QEMU internals

A series of posts about QEMU internals

View the Project on GitHub airbus-seclab/qemu_blog

Introduction

This is a series of posts about QEMU internals. It won’t cover everything about QEMU, but should help you understand how it works and foremost how to hack into it for fun and profit.

We won’t explain usage and other things that can be found in the official documentation. The following topics will be addressed:

The official code and documentation can be found here:

Terminology

Host and target

The host is the plaform and architecture which QEMU is running on. Usually an x86 machine.

The target is the architecture which is emulated by QEMU. You can choose at build time which one you want:

./configure --target-list=ppc-softmmu ...

As such, in the source code organisation you will find all supported architectures in the target/ directory:

(qemu-git) ll target
drwxrwxr-x 2 xxx xxx 4.0K alpha
drwxrwxr-x 2 xxx xxx 4.0K arm
drwxrwxr-x 2 xxx xxx 4.0K cris
drwxrwxr-x 2 xxx xxx 4.0K hppa
drwxrwxr-x 3 xxx xxx 4.0K i386
drwxrwxr-x 2 xxx xxx 4.0K lm32
drwxrwxr-x 2 xxx xxx 4.0K m68k
drwxrwxr-x 2 xxx xxx 4.0K microblaze
drwxrwxr-x 2 xxx xxx 4.0K mips
drwxrwxr-x 2 xxx xxx 4.0K moxie
drwxrwxr-x 2 xxx xxx 4.0K nios2
drwxrwxr-x 2 xxx xxx 4.0K openrisc
drwxrwxr-x 3 xxx xxx 4.0K ppc
drwxr-xr-x 3 xxx xxx 4.0K riscv
drwxrwxr-x 2 xxx xxx 4.0K s390x
drwxrwxr-x 2 xxx xxx 4.0K sh4
drwxrwxr-x 2 xxx xxx 4.0K sparc
drwxrwxr-x 2 xxx xxx 4.0K tilegx
drwxrwxr-x 2 xxx xxx 4.0K tricore
drwxrwxr-x 2 xxx xxx 4.0K unicore32
drwxrwxr-x 9 xxx xxx 4.0K xtensa

The qemu-system-<target> binaries are built into their respective <target>-softmmu directory:

(qemu-git) ls -ld *-softmmu
drwxr-xr-x  9 xxx xxx 4096 i386-softmmu
drwxrwxr-x 11 xxx xxx 4096 ppc-softmmu
drwxr-xr-x  9 xxx xxx 4096 x86_64-softmmu

System and user modes

QEMU is a system emulator. It offers emulation of a lot of architectures and can be run on a lot of architectures.

It is able to emulate a full system (cpu, devices, kernel and apps) through the qemu-system-<target> command line tool. This is the mode we will dive into.

It also provides a userland emulation mode through the qemu-<target> command line tool.

This allows to directly run <target> architecture Linux binaries on a Linux host. It mainly emulates <target> instructions set and forward system calls to the host Linux kernel. The emulation is only related to user level cpu instructions, not system ones, no device nore low level memory handling.

We won’t cover qemu user mode in this blog post series.

Emulation, JIT and virtualization

Initially QEMU was an emulation engine, with a Just-In-Time compiler (TCG). The TCG is here to dynamically translate target instruction set architecture (ISA) to host ISA.

We will later see that in the context of the TCG, the tcg-target becomes the architecture to which the TCG has to generate final assembly code to run on (which is host ISA). Obvious !

There exists scenario where target and host architectures are the same. This is typically the case in classical virtualization environment (VMware, VirtualBox, …) when a user wants to run Windows on Linux for instance. The terminology is usually Host and Guest (target).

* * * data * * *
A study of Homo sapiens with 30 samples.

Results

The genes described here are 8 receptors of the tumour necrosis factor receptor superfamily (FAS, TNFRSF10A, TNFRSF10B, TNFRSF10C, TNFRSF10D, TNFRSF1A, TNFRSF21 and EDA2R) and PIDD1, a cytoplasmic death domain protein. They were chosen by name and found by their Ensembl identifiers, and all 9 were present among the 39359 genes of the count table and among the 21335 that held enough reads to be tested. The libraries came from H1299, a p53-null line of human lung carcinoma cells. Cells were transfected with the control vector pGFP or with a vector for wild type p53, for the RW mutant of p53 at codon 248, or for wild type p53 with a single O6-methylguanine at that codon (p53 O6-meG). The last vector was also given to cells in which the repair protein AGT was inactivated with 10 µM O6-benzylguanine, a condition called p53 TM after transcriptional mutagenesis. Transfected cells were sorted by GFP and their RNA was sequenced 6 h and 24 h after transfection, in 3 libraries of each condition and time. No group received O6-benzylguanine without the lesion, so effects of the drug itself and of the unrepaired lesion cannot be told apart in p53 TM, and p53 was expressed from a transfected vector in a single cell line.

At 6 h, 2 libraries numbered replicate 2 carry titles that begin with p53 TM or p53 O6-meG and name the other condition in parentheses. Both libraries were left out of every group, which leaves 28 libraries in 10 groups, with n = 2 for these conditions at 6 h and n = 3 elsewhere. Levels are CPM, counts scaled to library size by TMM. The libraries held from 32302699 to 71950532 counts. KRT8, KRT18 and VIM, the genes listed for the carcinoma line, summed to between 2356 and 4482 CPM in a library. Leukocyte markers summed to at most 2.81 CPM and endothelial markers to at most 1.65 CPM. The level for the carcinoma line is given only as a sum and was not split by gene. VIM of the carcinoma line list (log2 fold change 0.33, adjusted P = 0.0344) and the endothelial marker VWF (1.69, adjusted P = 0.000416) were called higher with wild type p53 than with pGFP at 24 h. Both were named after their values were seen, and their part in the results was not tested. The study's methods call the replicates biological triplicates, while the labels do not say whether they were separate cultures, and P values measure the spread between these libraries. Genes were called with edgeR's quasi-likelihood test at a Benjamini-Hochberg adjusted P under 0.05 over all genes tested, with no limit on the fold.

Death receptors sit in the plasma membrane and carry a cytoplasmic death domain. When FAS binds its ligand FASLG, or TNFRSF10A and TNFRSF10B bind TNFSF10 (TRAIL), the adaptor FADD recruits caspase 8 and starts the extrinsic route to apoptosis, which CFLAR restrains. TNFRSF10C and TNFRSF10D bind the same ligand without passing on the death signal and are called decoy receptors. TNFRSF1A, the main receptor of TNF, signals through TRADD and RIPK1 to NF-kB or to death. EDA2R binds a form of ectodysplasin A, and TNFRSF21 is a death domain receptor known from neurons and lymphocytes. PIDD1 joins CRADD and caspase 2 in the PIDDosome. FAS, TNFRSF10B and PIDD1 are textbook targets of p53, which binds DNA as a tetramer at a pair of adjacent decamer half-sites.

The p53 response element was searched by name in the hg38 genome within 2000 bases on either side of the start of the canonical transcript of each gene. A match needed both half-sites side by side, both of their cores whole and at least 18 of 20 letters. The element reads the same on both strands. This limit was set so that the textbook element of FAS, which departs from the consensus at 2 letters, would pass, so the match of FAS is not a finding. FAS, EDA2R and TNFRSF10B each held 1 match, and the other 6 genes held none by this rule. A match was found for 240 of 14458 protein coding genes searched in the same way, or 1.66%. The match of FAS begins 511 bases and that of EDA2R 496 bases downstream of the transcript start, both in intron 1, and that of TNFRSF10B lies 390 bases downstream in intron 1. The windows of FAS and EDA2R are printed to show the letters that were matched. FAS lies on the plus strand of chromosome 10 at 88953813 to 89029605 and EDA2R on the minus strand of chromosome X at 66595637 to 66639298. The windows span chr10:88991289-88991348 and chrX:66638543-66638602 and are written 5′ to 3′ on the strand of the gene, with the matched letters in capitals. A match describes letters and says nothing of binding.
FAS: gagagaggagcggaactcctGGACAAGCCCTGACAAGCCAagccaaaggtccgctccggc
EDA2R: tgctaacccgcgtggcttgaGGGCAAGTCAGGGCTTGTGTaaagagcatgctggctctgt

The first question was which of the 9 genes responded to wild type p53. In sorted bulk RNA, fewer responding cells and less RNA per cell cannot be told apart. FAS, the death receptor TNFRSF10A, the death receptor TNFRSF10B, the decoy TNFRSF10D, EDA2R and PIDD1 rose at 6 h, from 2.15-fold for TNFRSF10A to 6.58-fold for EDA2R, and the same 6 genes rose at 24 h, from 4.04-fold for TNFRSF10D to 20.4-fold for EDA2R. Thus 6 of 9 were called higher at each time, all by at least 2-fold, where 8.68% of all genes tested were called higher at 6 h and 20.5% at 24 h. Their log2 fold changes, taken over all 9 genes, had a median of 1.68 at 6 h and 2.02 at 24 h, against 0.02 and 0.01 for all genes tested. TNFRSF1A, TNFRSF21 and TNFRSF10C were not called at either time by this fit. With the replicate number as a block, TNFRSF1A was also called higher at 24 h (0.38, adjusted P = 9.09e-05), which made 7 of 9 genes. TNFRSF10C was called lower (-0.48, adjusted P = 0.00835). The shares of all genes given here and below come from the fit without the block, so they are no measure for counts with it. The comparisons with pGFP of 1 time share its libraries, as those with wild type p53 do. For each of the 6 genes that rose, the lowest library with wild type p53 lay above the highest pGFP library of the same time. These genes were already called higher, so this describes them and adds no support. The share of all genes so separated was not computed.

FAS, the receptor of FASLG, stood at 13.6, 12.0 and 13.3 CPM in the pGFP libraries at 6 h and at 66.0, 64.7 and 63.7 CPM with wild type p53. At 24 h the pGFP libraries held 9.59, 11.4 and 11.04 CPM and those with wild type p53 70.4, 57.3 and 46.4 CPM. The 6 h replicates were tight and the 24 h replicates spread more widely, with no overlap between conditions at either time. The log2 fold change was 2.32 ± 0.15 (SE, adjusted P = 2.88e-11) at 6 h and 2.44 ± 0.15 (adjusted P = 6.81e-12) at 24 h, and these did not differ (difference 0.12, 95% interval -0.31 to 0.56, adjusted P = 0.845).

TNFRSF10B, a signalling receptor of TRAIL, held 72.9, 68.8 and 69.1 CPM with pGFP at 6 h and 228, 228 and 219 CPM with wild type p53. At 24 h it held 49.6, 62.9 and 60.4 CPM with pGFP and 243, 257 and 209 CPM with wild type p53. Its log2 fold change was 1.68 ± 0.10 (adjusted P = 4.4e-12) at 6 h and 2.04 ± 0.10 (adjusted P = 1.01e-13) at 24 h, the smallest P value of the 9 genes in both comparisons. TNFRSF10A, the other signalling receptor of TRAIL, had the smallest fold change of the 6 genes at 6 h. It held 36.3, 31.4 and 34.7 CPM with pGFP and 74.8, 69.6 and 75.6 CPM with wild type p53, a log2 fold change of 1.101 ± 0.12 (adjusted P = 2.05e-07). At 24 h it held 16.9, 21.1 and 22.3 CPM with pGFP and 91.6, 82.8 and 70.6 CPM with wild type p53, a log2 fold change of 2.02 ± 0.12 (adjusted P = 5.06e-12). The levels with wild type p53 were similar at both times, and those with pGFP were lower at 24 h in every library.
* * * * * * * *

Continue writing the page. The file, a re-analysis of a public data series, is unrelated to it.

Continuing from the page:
Nowadays, QEMU offers virtualization through different accelerators. Virtualization is considered an accelerator because it prevents unneeded emulation of instructions when host and target share the same architecture. Only system level (aka supervisor/ring0) instructions might be emulated/intercepted.

Of course, the QEMU virtualization capabilities are tied to the host OS and architecture. The x86 architecture offers hardware virtualization extensions (Intel VMX/AMD SVM). But the host operating system must allow QEMU to take benefit of them.

Under an x86-64 Linux host, we found the following accelerators:

$ qemu-system-x86_64 -accel ?
Possible accelerators: kvm, xen, hax, tcg

While on an x86-64 MacOS host:

$ qemu-system-x86_64 -accel ?
Possible accelerators: tcg, hax, hvf

The supported accelerators can be found in qemu_init_vcpu():

void qemu_init_vcpu(CPUState *cpu)
{
...
    if (kvm_enabled()) {
        qemu_kvm_start_vcpu(cpu);
    } else if (hax_enabled()) {
        qemu_hax_start_vcpu(cpu);
    } else if (hvf_enabled()) {
        qemu_hvf_start_vcpu(cpu);
    } else if (tcg_enabled()) {
        qemu_tcg_init_vcpu(cpu);
    } else if (whpx_enabled()) {
        qemu_whpx_start_vcpu(cpu);
    } else {
        qemu_dummy_start_vcpu(cpu);
    }
...
}

To make it short:

You can take benefit of the speed of x86 hardware virtualization under the three major operating systems. Notice that the TCG is also considered an accelerator. We can enter a long debate about terminology here …

QEMU APIs

There exists a lot of APIs in QEMU, some are obsolete and not well documented. Reading the source code still remains your best option. There is a good overview available.

The posts series will mainly address QOM, qdev and VMState. The QOM is the more abstract one. While QEMU is developped in C language, the developpers chose to implement the QEMU Object Model to provide a framework for registering user creatable types and instantiating objects from those types: device, machine, cpu, … People used to OOP concepts will find their mark in the QOM.

We will briefly illustrate how to make use of it, but won’t detail its underlying implementation. Stay pragmatic !

The interested reader can have a look at include/qom/object.h.

Disclaimer

It shall be noted that Airbus does not commit itself on the exhaustiveness and completeness regarding this blog post series. The information presented here results from the author knowledge and understandings as of QEMU v4.2.0.